PHOENIX – In response to confusion caused by claims made by Superintendent of Public Instruction Kathy Hoffman and her staff, she and Dr. Cara Christ, Director of the Department of Health Services, released a joint statement in support of the new school reopening benchmarks.
The two women chalked up the confusion to a “communications breakdown:”
“Since we started working together in 2019, we have enjoyed a strong partnership and a shared commitment to keeping Arizona’s kids healthy and safe. That partnership has been so important during COVID-19, and we’ve sought to always be aligned and work together during this pandemic. We want to make it clear: That hasn’t changed. Together, we developed benchmarks for our schools to safely reopen.
“Unfortunately, there was a communications breakdown between the agencies that left the public confused and uninformed. Yesterday, the Department of Health Services made clarifications to help clear this up. The important part is that these benchmarks provide schools with data-driven metrics, while schools maintain the ultimate authority to make decisions that are best for their communities.
“Our goal is to move forward, together. It’s important for Arizona kids and families, and we look forward to continued collaboration during this pandemic and beyond.”
Christ announced during a news conference with the Governor Thursday, that officials had worked together on revising the benchmarks used to determine when return to virtual learning. Hoffman denied working on the changes in a tweet:
The Arizona Department of Education did not request or recommend any changes to the @AZDHS school benchmarks.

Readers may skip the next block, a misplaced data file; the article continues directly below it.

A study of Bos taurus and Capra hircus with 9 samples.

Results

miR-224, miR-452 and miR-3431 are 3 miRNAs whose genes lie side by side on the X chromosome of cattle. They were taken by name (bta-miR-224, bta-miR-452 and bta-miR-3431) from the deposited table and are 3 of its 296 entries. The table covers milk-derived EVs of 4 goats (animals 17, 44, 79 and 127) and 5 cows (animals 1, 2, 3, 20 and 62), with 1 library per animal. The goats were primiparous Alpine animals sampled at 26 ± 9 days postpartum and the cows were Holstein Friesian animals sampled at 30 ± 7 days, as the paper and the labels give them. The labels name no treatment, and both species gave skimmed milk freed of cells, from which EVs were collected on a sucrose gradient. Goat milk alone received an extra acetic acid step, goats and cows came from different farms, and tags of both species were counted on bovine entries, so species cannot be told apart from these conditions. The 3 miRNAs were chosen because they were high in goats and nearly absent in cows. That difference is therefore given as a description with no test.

— Kathy Hoffman (@Supt_Hoffman) October 29, 2020
Christ explained the need to change the benchmarks on her blog:
During conversations with the Schools Reopening Workgroup, partners expressed concern about the instability that would occur if recommendations to move back to virtual learning were based on a change in one benchmark. Especially in smaller, rural counties, an increase in just two or three cases would result in a significant increase in the rates of COVID-19 or a change in the percent positivity that may shift a school from hybrid instruction to virtual instruction. This variability could cause weekly shifts in educational delivery model recommendations, resulting in uncertainty for families and schools as they plan for upcoming weeks.
Based on these concerns, ADHS made school guidance and benchmarks a weekly discussion item on our Workgroup calls. Starting on Oct. 2, ADHS worked with the experts on the Workgroup to revise the guidance, update documents, and discuss changes to the dashboard to provide more stability in the recommendations.
As with the Business Dashboard, ADHS determined that all three transmission benchmarks should be the substantial category before a county moves into the substantial category on the Schools Dashboard with a recommendation that districts and charter schools begin planning for virtual learning. Should this occur, ADHS recommends that school leaders work with local health officials to determine the appropriate next steps.
“Despite widespread concerns, two new international studies show no consistent relationship between in-person K-12 schooling and the spread of the coronavirus,” NPR reported last week. “And a third study from the United States shows no elevated risk to childcare workers who stayed on the job.”
A study by Yale researchers assessed the risk to employees of child care during the COVID-19 pandemic. The researchers found that “child care programs that remained open throughout the pandemic did not contribute to the spread of the virus to providers.”
At the same time, children are suffering due to school closures.
The medical director at Children’s National Hospital in Washington, D.C., Dr. Danielle Dooley, told NPR that kids are “experiencing mental health problems, hunger, obesity due to inactivity, missing routine medical care and the risk of child abuse — on top of the loss of education.”
“Going to school is really vital for children,” said Dooley. “They get their meals in school, their physical activity, their health care, their education, of course.”